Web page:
Bryan and Bets returned from trip #1 to Glacier Park quite early in the morning. Naturally, the remaining morning was passed while we chatted about their trip and our experiences “home alone” over several cups of coffee. Meanwhile, the localized fog receded towards the ocean and left us bathed in some glorious warm sunshine. Maybe the weather was pleased to have the locals back and had arranged its own welcome.
About an hour north of Tomales lies Armstrong Redwoods State Reserve with, we understood, some pretty impressive giant sequoias. We loaded up our stomaches with pastrami sandwiches and the car with our camera bags and walking shoes and headed up highway 1.
Our route took us past Bodega Bay and up to the mouth of the Russian River where we cut inland along the river to Guerneville. A quick pause in Guerneville for another flea market (wallets again mercifully unsullied) and we were soon parking just outside the gates of Armstrong at the visitor centre.
Being the weekend, it was quite busy but, once walking on the trails, the population was sufficiently sparse for the walk to be peaceful. We chose an approximately 3.5 mile route up the East Ridge Trail, back down to the valley, up once again on Pool Ridge Trail before descending again to see the “Colonel Armstrong Tree” prior to our feet breathing sighs of relief at being allowed to escape the confines of our walking shoes. Blissful memories of the dry walking conditions we experienced in Crete: how pleasant it is for ones walking shoes to be covered in dust rather than caked in mud at the end of a walk.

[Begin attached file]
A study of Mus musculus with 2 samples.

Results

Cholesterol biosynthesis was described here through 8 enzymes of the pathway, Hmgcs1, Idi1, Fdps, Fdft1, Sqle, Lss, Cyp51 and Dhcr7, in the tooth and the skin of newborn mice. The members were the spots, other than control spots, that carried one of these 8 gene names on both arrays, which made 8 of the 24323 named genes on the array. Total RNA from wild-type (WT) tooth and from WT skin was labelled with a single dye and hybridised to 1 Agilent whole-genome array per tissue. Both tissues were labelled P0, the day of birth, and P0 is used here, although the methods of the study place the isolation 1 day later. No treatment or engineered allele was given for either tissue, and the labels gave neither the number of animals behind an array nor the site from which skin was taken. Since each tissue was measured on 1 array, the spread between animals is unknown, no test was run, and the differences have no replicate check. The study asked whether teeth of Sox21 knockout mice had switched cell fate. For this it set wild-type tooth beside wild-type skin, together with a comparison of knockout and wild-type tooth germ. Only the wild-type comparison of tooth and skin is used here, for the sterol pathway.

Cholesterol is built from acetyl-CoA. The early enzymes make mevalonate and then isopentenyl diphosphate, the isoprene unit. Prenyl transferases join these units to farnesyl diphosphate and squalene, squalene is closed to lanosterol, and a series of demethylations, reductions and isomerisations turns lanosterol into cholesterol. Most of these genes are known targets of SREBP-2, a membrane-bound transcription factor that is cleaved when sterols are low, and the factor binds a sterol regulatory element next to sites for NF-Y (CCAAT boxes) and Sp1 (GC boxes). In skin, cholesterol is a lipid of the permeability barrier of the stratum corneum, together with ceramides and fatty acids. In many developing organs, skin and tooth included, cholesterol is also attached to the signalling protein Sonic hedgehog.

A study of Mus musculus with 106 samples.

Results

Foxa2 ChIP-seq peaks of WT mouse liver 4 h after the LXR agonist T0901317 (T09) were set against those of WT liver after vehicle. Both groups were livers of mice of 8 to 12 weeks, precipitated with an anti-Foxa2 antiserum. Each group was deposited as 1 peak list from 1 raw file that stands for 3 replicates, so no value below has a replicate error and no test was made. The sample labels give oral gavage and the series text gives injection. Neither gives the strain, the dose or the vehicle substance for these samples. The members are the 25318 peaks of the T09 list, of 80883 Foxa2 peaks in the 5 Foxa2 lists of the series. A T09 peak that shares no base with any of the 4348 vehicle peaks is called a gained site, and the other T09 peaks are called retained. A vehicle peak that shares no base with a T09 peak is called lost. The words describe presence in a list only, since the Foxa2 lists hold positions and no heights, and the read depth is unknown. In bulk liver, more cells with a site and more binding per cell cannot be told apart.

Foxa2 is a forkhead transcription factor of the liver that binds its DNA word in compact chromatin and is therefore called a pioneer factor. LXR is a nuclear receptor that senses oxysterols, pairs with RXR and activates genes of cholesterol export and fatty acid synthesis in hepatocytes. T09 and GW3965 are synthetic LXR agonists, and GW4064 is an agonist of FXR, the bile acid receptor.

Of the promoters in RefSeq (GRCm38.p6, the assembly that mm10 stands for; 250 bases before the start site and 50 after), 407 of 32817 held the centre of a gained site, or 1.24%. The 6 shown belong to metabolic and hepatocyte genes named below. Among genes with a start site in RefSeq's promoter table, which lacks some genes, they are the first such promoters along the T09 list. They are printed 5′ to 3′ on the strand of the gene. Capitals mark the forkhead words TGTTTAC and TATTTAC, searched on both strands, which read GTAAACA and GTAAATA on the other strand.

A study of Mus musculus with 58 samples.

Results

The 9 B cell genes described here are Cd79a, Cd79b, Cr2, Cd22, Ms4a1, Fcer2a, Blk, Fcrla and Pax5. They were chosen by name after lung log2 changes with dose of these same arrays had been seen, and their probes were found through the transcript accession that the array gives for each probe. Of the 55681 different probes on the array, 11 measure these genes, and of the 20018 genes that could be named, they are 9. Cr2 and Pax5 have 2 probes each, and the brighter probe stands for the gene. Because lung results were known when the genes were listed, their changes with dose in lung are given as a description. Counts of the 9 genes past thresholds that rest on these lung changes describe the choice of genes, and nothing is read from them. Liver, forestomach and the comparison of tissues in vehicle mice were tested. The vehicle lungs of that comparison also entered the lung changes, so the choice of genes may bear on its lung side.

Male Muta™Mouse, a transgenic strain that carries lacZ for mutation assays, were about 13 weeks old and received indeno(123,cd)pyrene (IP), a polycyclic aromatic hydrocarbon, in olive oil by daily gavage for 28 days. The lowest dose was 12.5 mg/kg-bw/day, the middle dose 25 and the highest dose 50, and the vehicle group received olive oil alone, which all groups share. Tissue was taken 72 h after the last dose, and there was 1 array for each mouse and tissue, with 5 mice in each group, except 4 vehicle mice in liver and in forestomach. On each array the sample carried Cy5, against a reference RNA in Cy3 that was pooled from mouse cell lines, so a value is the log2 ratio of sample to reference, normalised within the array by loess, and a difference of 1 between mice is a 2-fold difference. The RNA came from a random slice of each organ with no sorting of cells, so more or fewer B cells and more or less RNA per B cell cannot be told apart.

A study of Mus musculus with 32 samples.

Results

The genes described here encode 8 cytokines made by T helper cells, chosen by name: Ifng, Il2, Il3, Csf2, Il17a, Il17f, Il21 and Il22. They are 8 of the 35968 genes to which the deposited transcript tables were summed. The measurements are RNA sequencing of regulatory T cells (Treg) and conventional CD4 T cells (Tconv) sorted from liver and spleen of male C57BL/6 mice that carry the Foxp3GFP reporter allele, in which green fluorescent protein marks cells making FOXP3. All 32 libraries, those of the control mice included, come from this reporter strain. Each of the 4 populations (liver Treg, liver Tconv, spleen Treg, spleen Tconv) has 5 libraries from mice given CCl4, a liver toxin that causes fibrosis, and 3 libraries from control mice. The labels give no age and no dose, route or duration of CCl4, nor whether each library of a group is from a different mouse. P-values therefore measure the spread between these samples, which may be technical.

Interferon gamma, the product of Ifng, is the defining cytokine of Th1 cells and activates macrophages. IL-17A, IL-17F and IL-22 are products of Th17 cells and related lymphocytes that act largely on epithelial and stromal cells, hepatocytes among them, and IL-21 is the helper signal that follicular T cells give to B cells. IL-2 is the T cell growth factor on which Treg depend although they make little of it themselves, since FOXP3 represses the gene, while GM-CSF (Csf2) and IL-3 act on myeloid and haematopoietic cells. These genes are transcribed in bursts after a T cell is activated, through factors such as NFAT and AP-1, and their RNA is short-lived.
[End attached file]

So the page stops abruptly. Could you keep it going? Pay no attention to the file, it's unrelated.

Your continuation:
The climbs up the trails here proved to be shorter, sharper shocks than the climbs we did at Bear Valley. After making it up a couple of climbs of 500 feet or so, thinking that we had done enough, we were rewarding by achieving what I imagine to be the main goal at this park. The Colonel Armstrong Tree turned out to be a 308 feet tall sequoia. No amount of manoeuvring with our lenses was going to show anything but its trunk, such was its situation. Other equally impressive trees in the plantation were better situated, though, and proved more fruitful.
Towards the end of our visit, a cross-section through the trunk of one of these giants graphically demonstrated its age with plaques remembering various events in history. Having visited Dives-sur-Mer in Normandy earlier this year, I was intrigued by the third plaque from the centre of this tree which reads, “1066 – William the Conqueror invades England”. Dives-sur-Mer was his port of departure. The outer plaque reads, “1906 – San Francisco Earthquake”. This tree was a relative junior, though; the age of the Colonel Armstrong Tree itself is estimated at 1400 years.